Sure, it’s not a full-fledged robotic chef with hands and cooking moves modeled after Master Chef winners, but a smart rice cooker system patented by Midea looks like it will use some cutting-edge artificial intelligence technology to train itself to make a pretty good bowl of rice.
As described in the patent titled “Multi-Purpose Smart Rice Cookers,” the system is armed with a food-storage chamber with multiple compartments that can hold different types of rice and other ingredients like fruit, beans or nuts. Each compartment has a gate which can open and transfer food to the cooking chamber below in predetermined amounts. Above the top of the food storage chamber is a camera that identifies food and feeds information to the system’s machine learning feature.
Awarded on December 15, Midea’s patent also describes a multi-phased process to build the capabilities of the artificial intelligence over time to power the smart cooking. The first phase, training, would use image-based neural network systems like AlexNet or GoogleNet to train itself to understand the food.
The next phase in building out the AI smarts happens once the system is in the consumer home. Here, Midea’s rice cooker would get in-the-field updates to increase its understanding of food and cooking, but also learn and adapt its understanding of the process based on consumer cooking behavior.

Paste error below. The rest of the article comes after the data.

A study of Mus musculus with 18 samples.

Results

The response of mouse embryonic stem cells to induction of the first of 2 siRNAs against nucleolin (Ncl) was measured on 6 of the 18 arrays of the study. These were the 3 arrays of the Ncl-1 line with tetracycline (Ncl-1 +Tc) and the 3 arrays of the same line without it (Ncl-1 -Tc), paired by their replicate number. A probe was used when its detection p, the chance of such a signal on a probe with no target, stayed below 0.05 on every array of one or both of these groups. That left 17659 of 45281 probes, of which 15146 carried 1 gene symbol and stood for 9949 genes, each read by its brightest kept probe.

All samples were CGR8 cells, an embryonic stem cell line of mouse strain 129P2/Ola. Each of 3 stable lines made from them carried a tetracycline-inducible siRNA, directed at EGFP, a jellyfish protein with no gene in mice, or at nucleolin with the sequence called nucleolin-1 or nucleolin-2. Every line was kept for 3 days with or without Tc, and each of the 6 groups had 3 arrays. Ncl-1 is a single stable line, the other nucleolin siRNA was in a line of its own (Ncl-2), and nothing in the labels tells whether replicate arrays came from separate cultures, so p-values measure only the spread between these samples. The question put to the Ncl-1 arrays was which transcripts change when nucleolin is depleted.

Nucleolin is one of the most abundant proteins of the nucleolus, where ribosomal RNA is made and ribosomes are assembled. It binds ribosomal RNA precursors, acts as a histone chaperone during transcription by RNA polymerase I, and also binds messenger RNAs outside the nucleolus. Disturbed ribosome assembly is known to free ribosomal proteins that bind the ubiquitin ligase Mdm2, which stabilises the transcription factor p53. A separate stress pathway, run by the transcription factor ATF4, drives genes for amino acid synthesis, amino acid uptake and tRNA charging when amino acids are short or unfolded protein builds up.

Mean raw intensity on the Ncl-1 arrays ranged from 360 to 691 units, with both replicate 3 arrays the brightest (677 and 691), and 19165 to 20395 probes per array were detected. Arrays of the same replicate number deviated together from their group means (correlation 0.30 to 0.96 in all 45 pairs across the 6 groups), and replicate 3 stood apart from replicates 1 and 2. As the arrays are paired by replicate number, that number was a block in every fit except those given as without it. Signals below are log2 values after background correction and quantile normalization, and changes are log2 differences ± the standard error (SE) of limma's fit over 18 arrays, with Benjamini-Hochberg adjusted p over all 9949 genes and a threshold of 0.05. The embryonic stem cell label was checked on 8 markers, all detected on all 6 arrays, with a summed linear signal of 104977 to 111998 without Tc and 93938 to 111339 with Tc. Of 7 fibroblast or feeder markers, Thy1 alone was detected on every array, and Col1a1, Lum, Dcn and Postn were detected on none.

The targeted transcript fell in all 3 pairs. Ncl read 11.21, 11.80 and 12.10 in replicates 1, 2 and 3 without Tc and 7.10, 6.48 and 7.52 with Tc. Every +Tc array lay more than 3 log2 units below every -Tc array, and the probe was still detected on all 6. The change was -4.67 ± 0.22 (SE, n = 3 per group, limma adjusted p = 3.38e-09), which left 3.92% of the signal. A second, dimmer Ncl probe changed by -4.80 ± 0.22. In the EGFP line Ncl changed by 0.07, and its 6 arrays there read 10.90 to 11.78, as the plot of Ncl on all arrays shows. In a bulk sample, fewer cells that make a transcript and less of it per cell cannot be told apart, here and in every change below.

Over time, the system would be able to personalize the food based on a user’s personal preferences and health and nutrition needs, as well as environmental factors such as season of the year or temperature. The system would also be able to understand optimal taste configurations of food based on ingredients.
Finally, the Midea smart rice cooker will connect to the home network, where it could be part of a smart kitchen system that incorporates profiles of different users as well as work in concert with other cooking appliances or home systems.
While patents are often just intellectual property land grabs to horde future potential product concepts and features and keep them from the competition, Midea’s huge market share — particularly with rice cookers (29 percent online and around 43 percent in brick and mortar) — makes it worth wondering if the company plans to roll out a cooker with this tech some time in the future . The company also announced in June it was working with Chinese tech (and AI) giant Baidu to codevelop AI-powered smart appliances, so it’s also conceivable this rice cooker concept shows up as part of a Baidu/Midea lineup of products at some point.